14C and 13C characteristics of higher plant biomarkers in Washington margin surface sediments

Title14C and 13C characteristics of higher plant biomarkers in Washington margin surface sediments
Publication TypeJournal Article
Year of Publication2013
AuthorsFeng, X, Benitez-Nelson, BC, Montluçon, DB, Prahl, FG, McNichol, AP, Xu, L, Repeta, DJ, Eglinton, TI
JournalGeochimica et Cosmochimica Acta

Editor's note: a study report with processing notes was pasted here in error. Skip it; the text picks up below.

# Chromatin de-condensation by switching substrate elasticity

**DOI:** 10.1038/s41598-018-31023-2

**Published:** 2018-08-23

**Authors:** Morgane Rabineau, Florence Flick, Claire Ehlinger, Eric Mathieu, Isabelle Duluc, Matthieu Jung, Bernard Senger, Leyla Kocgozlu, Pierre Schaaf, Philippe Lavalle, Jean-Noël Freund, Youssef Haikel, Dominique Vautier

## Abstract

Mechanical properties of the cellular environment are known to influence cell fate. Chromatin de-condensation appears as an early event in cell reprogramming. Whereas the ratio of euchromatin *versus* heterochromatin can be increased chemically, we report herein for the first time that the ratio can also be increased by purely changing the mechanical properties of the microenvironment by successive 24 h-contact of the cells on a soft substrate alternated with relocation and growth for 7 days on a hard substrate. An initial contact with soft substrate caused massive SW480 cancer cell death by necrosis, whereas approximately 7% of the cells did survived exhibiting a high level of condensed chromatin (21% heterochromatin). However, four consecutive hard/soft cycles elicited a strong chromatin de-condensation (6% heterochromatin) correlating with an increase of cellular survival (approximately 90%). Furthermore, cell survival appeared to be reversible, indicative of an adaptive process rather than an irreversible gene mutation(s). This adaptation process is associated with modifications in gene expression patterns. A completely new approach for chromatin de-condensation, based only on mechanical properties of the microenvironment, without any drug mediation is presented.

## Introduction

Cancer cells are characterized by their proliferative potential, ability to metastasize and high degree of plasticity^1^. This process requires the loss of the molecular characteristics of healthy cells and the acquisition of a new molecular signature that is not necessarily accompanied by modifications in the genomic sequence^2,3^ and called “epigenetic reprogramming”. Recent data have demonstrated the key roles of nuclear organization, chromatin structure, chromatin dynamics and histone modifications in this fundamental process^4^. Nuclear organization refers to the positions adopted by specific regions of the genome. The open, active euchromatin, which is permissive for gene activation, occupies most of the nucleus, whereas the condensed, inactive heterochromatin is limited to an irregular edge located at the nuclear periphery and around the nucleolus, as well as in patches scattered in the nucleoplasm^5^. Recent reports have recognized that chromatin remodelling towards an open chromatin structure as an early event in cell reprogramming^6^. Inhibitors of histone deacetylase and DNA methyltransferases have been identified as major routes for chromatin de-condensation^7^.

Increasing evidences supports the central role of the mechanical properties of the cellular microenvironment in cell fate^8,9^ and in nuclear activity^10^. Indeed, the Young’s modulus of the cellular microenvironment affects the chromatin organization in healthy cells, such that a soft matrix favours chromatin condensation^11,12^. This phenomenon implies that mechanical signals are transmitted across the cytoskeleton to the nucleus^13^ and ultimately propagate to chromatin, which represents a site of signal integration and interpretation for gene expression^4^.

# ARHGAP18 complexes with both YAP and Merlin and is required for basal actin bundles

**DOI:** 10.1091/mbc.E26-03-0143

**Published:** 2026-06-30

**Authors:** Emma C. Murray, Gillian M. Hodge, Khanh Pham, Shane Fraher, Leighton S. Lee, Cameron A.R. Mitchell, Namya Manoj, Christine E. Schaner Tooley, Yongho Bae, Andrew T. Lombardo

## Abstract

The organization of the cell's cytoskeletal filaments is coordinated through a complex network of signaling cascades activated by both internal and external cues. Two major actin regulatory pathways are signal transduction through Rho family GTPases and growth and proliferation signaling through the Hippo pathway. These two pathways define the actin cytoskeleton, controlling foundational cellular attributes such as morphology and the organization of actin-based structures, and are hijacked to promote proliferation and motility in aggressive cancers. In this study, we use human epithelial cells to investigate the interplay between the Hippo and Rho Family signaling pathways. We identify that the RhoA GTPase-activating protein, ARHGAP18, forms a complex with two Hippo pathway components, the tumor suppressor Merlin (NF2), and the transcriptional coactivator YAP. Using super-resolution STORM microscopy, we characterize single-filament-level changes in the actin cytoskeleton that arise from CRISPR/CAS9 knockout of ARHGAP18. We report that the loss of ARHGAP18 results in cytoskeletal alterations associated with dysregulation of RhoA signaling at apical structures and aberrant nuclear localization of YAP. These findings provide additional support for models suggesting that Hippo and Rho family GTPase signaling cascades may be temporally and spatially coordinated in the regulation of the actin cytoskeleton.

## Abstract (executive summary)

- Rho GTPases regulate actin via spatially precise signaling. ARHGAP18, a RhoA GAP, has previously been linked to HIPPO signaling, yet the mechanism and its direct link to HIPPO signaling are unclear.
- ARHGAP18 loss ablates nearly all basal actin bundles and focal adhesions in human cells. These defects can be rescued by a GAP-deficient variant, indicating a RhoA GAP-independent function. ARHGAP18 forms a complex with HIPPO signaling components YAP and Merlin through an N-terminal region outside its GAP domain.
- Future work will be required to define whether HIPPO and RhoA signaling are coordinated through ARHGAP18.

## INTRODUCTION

Plant wax lipids and lignin phenols are the two most common classes of molecular markers that are used to trace vascular plant-derived OM in the marine environment. However, their 13C and 14C compositions have not been directly compared, which can be used to constrain the flux and attenuation of terrestrial carbon in marine environment. In this study, we describe a revised method of isolating individual lignin phenols from complex sedimentary matrices for 14C analysis using high pressure liquid chromatography (HPLC) and compare this approach to a method utilizing preparative capillary gas chromatography (PCGC). We then examine in detail the 13C and 14C compositions of plant wax lipids and lignin phenols in sediments from the inner and mid shelf of the Washington margin that are influenced by discharge of the Columbia River. Plant wax lipids (including n-alkanes, n-alkanoic (fatty) acids, n-alkanols, and n-aldehydes) displayed significant variability in both δ13C (−28.3‰ to −37.5‰) and Δ14C values (−204‰ to +2‰), suggesting varied inputs and/or continental storage and transport histories. In contrast, lignin phenols exhibited similar δ13C values (between −30‰ and −34‰) and a relatively narrow range of Δ14C values (−45‰ to −150‰; HPLC-based measurement) that were similar to, or younger than, bulk OM (−195‰ to −137‰). Moreover, lignin phenol 14C age correlated with the degradation characteristics of this terrestrial biopolymer in that vanillyl phenols were on average ∼500 years older than syringyl and cinnamyl phenols that degrade faster in soils and sediments. The isotopic characteristics, abundance, and distribution of lignin phenols in sediments suggest that they serve as promising tracers of recently biosynthesized terrestrial OM during supply to, and dispersal within the marine environment. Lignin phenol 14C measurements may also provide useful constraints on the vascular plant end member in isotopic mixing models for carbon source apportionment, and for interpretation of sedimentary records of past vegetation dynamics.